Feature

Under the Stars

Cowboy Camp is a draw in Mongolia


When they do, that same sky is blue in Mongolia, where day is breaking over a million people. But for Mongolians, sleeping out is nothing new; camping is still an ordinary way of life for half the population. Shepherds sleep near their flocks in open fields, hundreds of miles from any town, as they have for a thousand years or more. Yurts—white, felt-lined tents—dot the landscape in this prairie country. A family of herders can ready a yurt and all its contents for travel in an hour or two.

Lost Art

But the other half of Mongolia is waking in cities full of five-story Soviet-era apartments surrounded by shanty towns of shacks and yurts that are no longer nomadic. Here the white tents stay up all year, stained with smog from constant coal burning.

Mongolian young people who grow up in cities no longer possess the skills of their nomadic cousins. Last year a group of construction workers and I came from Darhan to Bulgan, Mongolia, to build our house here. We brought a yurt to sleep in and to serve as a kind of job trailer.

Setting up the yurt was seemingly beyond us. Five grown men tried to hold all the pieces of the tent together but couldn’t fasten it before it fell apart. A rare sudden wind and rain storm complicated the task even further. And, of course, it was getting dark, and we had nowhere else to sleep. A group of neighbors lent five more sets of hands, but city-raised Mongolians weren’t much better at nomadic living than me, a suburban American.

It’s not by choice that for many Mongolians, the traditional nomadic lifestyle is becoming a relic of their ancestry. It’s primarily a lack of opportunity. Two of those who helped set up our yurt admitted that they had never done it before. Living in the city, why would they have? Most young people I know still long for the experience of going to the countryside.

Horse Sense

Like those in North America, many Mongolian homes in town are empty all day because both parents work. During the summer the children often fend for themselves for entertainment or attention. After our house was completed, kids and youth started flocking to our home. Neighbor kids from ages 6 to 15 came to play basketball, ride horses or just play with our four daughters. We enjoyed all the fun and commotion. But we wanted these city kids to get out and experience their own country’s camping lifestyle. And we wanted to deepen our influence for Christ in each of them.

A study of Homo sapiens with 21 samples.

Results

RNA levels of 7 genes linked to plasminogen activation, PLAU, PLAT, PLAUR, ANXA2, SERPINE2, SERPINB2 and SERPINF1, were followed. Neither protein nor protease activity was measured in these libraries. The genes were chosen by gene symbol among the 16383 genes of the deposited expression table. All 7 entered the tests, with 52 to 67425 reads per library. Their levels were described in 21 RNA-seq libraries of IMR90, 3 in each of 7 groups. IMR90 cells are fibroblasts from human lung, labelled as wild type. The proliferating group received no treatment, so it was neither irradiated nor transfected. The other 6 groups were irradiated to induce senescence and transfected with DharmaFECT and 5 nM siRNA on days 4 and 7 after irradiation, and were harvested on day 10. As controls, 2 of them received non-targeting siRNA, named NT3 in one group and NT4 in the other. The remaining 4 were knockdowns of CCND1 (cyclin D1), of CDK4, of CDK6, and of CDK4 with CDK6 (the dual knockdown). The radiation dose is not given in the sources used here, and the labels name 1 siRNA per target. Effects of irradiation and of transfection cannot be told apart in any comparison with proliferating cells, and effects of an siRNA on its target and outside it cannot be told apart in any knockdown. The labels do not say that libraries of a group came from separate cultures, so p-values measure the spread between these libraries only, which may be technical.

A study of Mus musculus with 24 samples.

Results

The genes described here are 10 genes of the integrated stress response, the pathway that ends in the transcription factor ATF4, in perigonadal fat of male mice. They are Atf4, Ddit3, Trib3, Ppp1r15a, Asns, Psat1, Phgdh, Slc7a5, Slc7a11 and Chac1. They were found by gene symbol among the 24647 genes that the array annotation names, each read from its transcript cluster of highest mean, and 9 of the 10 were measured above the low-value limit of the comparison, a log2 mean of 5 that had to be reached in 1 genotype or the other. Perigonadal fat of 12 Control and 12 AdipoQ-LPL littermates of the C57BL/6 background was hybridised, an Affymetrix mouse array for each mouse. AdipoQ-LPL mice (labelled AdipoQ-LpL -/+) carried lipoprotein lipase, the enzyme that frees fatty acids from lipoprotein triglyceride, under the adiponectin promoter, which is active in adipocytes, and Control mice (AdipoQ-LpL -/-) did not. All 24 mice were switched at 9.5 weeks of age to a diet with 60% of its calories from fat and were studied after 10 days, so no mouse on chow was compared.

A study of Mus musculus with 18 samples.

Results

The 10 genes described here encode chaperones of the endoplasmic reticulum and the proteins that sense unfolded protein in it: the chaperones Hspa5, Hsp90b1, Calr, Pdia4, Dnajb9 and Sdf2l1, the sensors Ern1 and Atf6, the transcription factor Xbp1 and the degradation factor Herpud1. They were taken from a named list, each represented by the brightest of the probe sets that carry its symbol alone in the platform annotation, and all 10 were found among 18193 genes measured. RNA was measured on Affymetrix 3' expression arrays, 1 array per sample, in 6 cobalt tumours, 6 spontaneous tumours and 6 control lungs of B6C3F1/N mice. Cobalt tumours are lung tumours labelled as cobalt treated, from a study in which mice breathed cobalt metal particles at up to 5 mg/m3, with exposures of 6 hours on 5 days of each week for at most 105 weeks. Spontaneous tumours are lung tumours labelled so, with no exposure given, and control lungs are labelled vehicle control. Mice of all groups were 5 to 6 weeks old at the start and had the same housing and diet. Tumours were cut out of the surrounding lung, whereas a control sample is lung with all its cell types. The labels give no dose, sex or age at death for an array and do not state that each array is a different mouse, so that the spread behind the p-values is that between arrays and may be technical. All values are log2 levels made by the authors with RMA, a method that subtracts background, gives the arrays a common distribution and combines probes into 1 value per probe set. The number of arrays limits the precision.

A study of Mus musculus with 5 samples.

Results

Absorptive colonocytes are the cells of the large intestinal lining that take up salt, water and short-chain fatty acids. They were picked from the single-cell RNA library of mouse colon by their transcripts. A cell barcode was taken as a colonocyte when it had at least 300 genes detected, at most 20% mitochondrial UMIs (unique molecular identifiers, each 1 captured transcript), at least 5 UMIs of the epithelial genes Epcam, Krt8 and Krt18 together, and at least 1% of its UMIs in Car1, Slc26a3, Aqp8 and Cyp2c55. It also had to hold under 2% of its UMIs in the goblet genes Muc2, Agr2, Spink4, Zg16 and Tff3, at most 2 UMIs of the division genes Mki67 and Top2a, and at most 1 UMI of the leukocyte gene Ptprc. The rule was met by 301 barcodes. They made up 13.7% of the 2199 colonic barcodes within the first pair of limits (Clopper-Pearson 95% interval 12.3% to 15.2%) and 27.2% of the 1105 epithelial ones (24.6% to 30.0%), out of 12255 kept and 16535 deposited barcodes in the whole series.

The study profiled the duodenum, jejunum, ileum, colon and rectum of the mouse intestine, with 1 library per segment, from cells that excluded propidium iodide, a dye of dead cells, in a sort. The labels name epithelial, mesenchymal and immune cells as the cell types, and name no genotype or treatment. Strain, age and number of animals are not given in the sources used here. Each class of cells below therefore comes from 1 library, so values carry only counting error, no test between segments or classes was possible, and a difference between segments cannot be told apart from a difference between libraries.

My wife, Renee, and I decided to host a Cowboy Camp and invite all our neighbor kids. We made arrangements with a nomadic family who had set up camp about five miles out of town to help host the event. Because of heavy rains and a vehicle breakdown, we had to relocate camp to our own yard. This change in venue resulted in a spontaneous change of duration—our campers, 8 to 10 kids per day, kept showing up all through July!

During the heat of the day we had a Bible and English lesson in the shade of the nomadic family’s yurt. At other times, the kids were given a chance to learn about roping, horse riding and cow milking and had the opportunity to feed an orphan foal, hold baby horses while the mares were milked and help with the camping kitchen work. Some helped make Mongolian doughnuts, while others rolled out dough for noodles. Then someone had to carry the firewood to cook the meals and boil the dairy products. There’s always something to do when living as a nomad. If not work, then there’s the whole green prairie to run and laugh and play in. They just had to watch for “livestock landmines”!

The kids loved it. Night fell before dinner arrived. After they ate in the darkness of the yurt (no electricity), our campers longed for the familiarity and comfort of home. On dark nights like these, starlight shined down on campers all over Mongolia. Sleep brought to a close another day for campers like so many stretching back centuries through ancestors dating back before the time of Genghis Khan.

The more I think about the camping culture of Mongolia, the more I think Jesus fits right in here. In His ministry, I’m sure He just slept where He could—among the fishermen at the beach or in the pastures with the farmers or shepherds. Other times He prayed all night, maybe for lack of a peaceful place to sleep. He may not always have been a happy camper, but His obedience and call made Him a willing one. “‘Foxes have holes and birds of the air have nests, but the Son of Man has no place to lay his head’” (Matt. 8:20).